Passenger Pigeon Extinction
Known for flocks that darkened the sky, the passenger pigeon was once the most abundant North American bird. A population in the billions as late as 1860 was nearly zero by 1900. Communication and transportation advancements enabled market hunters to kill unprecedented numbers for food and sport. Species became extinct when the last captive bird died September 1, 1914.
Before extinction, vast numbers of passenger pigeons migrated through Indiana, with many nesting in the state's forests in the spring. Pigeon roosts, which spread over miles and could damage and topple trees, often attracted amazed onlookers and hunters. The last verified passenger pigeon in the wild was shot about five miles from here near Laurel on April 3. 1902.
Erected 2017 by Indiana Historical Bureau.
Topics and series. This historical marker is listed in these topic lists: Animals • Communications. In addition, it is included in the Indiana Historical Bureau Markers series list.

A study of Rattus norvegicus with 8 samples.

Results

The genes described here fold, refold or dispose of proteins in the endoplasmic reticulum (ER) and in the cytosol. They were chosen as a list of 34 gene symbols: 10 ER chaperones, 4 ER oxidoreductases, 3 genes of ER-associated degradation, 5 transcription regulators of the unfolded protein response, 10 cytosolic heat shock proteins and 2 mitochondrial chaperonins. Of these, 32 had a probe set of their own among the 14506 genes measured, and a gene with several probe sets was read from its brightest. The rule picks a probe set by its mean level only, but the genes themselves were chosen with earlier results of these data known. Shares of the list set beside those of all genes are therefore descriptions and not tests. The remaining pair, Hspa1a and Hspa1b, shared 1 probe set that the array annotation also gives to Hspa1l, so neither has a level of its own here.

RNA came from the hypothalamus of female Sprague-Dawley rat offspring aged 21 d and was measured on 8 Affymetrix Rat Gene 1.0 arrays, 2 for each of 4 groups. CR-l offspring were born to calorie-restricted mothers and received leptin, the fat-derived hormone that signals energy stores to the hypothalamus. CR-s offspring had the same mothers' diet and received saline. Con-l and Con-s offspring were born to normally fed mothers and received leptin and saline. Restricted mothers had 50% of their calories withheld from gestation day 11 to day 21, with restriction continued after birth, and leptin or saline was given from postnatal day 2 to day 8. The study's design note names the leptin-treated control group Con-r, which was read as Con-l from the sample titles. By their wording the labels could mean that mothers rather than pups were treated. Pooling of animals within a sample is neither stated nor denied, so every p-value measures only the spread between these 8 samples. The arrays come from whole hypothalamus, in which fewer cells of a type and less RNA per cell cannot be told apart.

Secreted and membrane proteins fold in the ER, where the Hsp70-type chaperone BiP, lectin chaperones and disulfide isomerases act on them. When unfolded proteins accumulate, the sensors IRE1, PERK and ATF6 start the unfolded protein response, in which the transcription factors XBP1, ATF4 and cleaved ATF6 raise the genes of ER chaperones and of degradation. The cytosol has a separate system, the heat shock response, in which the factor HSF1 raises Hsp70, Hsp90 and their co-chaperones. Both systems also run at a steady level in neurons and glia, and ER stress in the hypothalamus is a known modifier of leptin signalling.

Location. 39° 26.833′ N, 85° 8.167′
Other nearby markers. At least 8 other markers are within walking distance of this marker. Water Wheel & Lock #25 (within shouting distance of this marker); Metamora Grist Mill (within shouting distance of this marker); The Carriage House (about 300 feet away, measured in a direct line); Odd Fellows Hall (about 400 feet away); Canal Front Dry Goods Store (about 400 feet away); Farmers Bank (about 400 feet away); Jonathan Banes House (about 400 feet away); Ben Franklin III (about 400 feet away). Touch for a list and map of all markers in Metamora.
Credits. This page was last revised on December 26, 2020. It was originally submitted on December 26, 2020, by TeamOHE of Wauseon, Ohio. This page has been viewed 40 times since then and 5 times this year. Photos: 1, 2, 3, 4. submitted on December 26, 2020, by TeamOHE of Wauseon, Ohio. • Devry Becker Jones was the editor who published this page.